Did you at least try them?Concrete facts...they making saxes and mouthpieces out of concrete?
Then it's just scaremongering.The message Sirvalorsax is trying to pass is more a message of caution rather than anything else.
Caution that is not really backed up by solid information. He actually says it himself: he is not presenting concrete facts.
Brass readily oxidises (aka tarnishes), and it's this thin layer that limits how much lead is available.It's true that brass can contain lead, but I've read (can't find it now) that concerns over "leeching" are not so justified in that the lead molecules would lie under the exterior coating. I'm not a scientist or metallurgist so I'll leave it there as a bit of hearsay to be corrected if appropriate.
However there is no strict control over the laed in brass, it was there originally to make it easier to machine. So most brass is probably unleaded, if you want lead in it I'm sure you'd be paying extra (1) for the more expensive metal itself and (2) for the less readily avaliable and stocked alloy.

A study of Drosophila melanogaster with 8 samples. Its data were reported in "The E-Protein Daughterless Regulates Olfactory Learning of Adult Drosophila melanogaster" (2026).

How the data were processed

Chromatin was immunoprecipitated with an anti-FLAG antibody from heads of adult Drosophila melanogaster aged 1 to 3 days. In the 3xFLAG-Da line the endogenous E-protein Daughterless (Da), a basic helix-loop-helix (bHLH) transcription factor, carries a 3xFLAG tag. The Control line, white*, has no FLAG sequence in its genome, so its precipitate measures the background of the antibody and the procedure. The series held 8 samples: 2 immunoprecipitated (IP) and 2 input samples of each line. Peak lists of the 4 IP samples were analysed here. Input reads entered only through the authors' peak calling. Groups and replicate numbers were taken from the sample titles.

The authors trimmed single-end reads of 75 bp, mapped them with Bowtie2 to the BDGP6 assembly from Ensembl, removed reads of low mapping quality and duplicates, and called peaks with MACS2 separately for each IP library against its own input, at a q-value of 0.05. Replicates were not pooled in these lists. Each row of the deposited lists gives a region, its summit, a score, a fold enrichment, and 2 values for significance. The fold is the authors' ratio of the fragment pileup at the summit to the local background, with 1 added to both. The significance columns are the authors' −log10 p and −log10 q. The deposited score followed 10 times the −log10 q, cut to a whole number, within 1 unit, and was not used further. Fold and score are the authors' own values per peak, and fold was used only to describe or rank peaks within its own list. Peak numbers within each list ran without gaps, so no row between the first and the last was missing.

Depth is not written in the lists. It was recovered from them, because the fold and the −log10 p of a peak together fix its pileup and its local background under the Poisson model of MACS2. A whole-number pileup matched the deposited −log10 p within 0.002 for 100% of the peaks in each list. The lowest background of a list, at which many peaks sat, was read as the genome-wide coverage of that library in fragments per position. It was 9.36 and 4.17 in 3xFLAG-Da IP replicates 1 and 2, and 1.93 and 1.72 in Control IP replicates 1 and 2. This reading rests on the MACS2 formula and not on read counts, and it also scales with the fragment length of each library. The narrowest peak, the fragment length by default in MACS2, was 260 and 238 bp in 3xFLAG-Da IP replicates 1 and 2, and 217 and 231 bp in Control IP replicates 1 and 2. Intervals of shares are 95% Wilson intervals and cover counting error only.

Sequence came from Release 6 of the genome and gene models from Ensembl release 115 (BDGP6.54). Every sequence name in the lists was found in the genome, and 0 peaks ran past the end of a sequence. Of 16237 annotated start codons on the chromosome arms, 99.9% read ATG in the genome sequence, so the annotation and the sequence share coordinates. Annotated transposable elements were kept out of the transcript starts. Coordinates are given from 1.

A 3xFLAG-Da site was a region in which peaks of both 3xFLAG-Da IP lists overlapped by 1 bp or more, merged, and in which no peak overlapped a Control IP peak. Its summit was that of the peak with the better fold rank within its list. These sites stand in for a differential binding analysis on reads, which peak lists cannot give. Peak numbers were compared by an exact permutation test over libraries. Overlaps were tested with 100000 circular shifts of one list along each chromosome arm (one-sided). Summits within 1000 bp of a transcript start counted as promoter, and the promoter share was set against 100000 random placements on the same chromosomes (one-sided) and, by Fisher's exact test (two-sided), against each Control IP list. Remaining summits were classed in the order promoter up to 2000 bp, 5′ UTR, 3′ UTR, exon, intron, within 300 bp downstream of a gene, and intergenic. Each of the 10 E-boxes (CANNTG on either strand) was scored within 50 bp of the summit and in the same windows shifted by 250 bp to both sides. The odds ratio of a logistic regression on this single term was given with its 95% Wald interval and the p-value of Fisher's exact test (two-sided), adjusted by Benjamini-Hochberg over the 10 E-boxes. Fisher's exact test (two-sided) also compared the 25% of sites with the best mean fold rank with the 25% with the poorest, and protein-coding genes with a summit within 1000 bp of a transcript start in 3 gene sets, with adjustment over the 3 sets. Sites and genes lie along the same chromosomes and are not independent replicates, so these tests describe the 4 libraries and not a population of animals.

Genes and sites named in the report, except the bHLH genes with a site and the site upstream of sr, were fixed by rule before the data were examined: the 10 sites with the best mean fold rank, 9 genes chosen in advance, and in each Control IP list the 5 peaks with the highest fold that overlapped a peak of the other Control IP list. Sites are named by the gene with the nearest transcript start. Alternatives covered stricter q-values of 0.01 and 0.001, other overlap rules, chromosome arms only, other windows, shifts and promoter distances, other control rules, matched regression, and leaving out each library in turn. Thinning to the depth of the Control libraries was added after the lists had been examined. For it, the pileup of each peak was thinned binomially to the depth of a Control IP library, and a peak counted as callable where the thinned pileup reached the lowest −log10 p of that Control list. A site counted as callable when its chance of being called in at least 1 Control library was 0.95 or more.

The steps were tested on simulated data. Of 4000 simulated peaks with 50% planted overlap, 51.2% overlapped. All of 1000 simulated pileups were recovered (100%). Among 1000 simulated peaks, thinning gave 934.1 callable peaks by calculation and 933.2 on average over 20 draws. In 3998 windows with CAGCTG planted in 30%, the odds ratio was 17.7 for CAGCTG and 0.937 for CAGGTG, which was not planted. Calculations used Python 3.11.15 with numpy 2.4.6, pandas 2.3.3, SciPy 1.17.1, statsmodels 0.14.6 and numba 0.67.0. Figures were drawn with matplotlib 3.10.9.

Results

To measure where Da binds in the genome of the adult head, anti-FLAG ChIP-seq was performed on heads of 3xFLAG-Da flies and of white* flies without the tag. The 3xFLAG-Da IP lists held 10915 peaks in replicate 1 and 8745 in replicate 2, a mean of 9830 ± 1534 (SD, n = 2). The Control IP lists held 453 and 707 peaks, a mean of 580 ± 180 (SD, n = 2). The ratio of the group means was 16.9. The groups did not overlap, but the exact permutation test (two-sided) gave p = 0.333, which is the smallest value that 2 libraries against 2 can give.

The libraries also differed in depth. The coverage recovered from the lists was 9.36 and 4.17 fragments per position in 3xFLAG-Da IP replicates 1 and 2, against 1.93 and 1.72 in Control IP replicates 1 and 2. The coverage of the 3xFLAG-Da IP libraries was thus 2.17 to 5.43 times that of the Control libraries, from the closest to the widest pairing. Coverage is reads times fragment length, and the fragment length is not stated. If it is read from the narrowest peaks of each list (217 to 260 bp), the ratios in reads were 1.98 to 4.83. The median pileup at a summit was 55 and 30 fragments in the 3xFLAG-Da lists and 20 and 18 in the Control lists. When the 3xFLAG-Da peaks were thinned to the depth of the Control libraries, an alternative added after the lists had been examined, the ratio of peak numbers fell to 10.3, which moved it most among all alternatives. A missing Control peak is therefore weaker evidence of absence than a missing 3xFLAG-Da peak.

So why would "the Chinese" use that for mouthpieces? Surely not to further their reputation as purveyors of toxic products.
Faucets! Faucets!This whole lead thing omitts the fact that if you have inexpensive faucets or older faucets in your home the brass can easily contain up to 20 percent lead. 4 percent is pretty dang low. I chose not to worry about it. Threats elsewhere are so much higher....like the epa that is allowing more rather than less raw sewage into waterways as well as clearly toxic chemicals.
Life is terminal, I recall my grandfather telling me "Sooner or later something is gonna get you".